Located in Oregon's mid-Willamette Valley, French Prairie is bounded by the Willamette River to the north and west, the Pudding River to the east, and the remnants of Lake Labish (Lac labiche) to the south. In the 1800s, the five major towns of French Prairie were Butteville, Champoeg, St. Paul, St. Louis, and Gervais. Frenchman Pierre Charles Fournier de Saint Amant, who visited Oregon in the early 1850s, was one of the first to use a version of the term "French Prairie" in print, referring to the area as les prairies françaises.

French Prairie takes its name from the bi-cultural French Canadian and Indian families who re-settled the area in the 1830s. These French-Indian settlers were important historical actors in Euro-American colonization of the region, which began with the fur trade in the 1810s. French Prairie was originally the home of the Ahantchuyuk Kalapuyans, an aboriginal people whose numbers declined precipitously during 1830s and 1840s as a result of disease and Euro-American emigration.

During the early 1840s, the French Canadian men who settled in French Prairie attended debates about the organization of a community government. Wary of the bureaucratic and taxation burdens imposed by a more complex governmental apparatus, they largely supported a limited governmental structure. Nevertheless, in May 1843 at Champoeg, a half dozen or so of the leading French Canadians joined with their American neighbors in voting to form a provisional government. Eventually, the French Canadians who did not vote for the new government reached a compromise with their American neighbors due to their long-standing influence in the valley and their position as landholders.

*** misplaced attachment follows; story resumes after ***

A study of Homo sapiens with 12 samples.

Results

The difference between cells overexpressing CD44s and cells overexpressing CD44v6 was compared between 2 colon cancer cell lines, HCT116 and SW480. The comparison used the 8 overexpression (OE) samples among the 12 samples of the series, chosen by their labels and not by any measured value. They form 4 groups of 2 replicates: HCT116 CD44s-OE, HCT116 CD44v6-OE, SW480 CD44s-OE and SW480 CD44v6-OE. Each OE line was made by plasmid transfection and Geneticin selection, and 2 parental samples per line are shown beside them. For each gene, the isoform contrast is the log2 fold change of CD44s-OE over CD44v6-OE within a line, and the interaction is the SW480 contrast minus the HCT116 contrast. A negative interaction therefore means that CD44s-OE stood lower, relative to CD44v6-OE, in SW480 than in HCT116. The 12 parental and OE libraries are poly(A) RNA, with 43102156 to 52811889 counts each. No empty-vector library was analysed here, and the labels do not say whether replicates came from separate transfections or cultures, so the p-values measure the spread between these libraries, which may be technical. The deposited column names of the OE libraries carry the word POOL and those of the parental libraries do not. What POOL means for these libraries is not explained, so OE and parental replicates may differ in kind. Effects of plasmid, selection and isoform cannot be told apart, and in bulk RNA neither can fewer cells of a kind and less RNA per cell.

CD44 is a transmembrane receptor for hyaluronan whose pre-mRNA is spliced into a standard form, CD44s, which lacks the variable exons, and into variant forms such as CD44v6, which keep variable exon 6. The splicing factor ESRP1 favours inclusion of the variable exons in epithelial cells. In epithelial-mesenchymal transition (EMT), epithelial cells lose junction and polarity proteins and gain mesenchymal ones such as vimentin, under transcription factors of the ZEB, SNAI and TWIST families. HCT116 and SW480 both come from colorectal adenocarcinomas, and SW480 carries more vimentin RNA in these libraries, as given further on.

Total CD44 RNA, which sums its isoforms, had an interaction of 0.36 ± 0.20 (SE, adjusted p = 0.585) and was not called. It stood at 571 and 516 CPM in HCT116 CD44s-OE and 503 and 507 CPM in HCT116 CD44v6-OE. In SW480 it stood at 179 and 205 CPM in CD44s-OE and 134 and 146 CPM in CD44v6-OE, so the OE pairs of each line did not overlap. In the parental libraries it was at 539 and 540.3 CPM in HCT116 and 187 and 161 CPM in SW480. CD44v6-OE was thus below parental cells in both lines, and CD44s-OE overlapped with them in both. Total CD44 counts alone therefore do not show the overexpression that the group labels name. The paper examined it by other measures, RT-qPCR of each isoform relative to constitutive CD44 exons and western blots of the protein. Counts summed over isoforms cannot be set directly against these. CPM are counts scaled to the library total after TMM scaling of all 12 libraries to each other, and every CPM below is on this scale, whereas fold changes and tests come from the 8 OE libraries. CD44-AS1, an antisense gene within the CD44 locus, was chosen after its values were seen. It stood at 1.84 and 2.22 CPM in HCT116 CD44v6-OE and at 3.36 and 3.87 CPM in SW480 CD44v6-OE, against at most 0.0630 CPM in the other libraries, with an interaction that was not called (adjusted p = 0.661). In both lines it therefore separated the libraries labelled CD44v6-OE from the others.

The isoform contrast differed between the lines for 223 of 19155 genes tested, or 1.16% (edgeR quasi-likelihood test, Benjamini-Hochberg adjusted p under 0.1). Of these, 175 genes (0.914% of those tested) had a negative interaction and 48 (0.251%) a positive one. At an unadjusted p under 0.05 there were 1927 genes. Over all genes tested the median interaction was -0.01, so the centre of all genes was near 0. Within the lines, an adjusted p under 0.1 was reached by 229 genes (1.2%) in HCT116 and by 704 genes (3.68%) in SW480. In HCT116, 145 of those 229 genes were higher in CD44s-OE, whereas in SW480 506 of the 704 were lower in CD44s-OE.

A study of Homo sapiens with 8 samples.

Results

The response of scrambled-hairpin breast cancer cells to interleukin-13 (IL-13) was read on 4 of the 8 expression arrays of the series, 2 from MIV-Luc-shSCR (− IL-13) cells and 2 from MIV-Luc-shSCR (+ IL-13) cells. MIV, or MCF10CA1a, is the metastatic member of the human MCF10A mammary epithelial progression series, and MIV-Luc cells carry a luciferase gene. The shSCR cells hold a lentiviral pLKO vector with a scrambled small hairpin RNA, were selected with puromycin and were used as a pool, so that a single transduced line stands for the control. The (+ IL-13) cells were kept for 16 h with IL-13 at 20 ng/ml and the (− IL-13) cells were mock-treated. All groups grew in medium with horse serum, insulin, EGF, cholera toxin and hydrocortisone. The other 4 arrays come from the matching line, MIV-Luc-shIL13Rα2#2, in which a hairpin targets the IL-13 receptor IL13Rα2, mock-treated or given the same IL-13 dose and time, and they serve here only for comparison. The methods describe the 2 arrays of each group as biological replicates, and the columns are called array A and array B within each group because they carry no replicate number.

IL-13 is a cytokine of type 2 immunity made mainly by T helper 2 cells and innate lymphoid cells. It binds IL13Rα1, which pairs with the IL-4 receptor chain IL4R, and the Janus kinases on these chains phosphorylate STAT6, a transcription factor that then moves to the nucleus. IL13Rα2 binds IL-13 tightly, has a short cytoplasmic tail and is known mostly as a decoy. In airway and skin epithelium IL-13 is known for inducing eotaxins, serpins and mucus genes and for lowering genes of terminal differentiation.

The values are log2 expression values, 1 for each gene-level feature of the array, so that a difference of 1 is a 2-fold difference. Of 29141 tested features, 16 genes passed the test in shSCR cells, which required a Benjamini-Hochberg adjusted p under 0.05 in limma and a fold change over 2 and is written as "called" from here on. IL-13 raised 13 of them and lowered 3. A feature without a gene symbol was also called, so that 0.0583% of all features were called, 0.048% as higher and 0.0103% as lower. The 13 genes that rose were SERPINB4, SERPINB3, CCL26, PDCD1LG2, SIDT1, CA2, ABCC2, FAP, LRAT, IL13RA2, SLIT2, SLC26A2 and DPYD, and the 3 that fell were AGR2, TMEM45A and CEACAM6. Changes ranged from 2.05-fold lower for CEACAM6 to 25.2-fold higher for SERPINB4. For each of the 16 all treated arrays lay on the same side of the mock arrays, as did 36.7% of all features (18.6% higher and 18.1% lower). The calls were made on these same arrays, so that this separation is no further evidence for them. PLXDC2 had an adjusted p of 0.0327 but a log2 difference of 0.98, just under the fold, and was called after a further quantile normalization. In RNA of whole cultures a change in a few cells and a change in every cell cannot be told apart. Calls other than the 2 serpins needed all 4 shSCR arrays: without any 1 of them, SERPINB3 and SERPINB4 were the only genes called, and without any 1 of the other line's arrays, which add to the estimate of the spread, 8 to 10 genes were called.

Champoeg was largely washed away in the flood of 1861, and a year later the original townsite from the mid-1800s was officially abandoned. Following the devastating flood, the town of St. Paul became the major focus of settlement in the northern section of French Prairie. From the late 1800s through the 1910s, the author's great-great-grandparents, Adolphe and Marguerite Jette, ran several related businesses at the relocated Champoeg (Newellsville).

At the turn of the twentieth century, a statewide heritage movement developed to commemorate the history of the Oregon Provisional Government. The Oregon Historical Society and the Oregon Pioneer Association, which included many descendants of the French-Indian settlers of French Prairie, supported this effort. In May 1901, the State of Oregon unveiled a historical marker at Champoeg to commemorate the May 1843 vote. From 1901 through 1958, the state progressively secured title to 159 acres encompassing the original townsite at Champoeg and developed the area into the Champoeg State Park. Through the mid-1900s, Champoeg Day, commemorating the history of the Oregon Provisional Government at Champoeg, was a popular local event.

Today the Champoeg State Heritage Area, considered a "gateway" to the Willamette Valley, hosts a visitor center, historic sites, campsites for travelers, and bicycle trails. The area sponsors outdoor and nature activities and educational and historical programs for visitors and students. Although the history of French Prairie is now less prominent in the state's collective memory, the staff and volunteers at Champoeg Park and the Friends of Historic Champoeg educate visitors and students about the area's history, including the role of the French-Indian settlers in the early 1800s.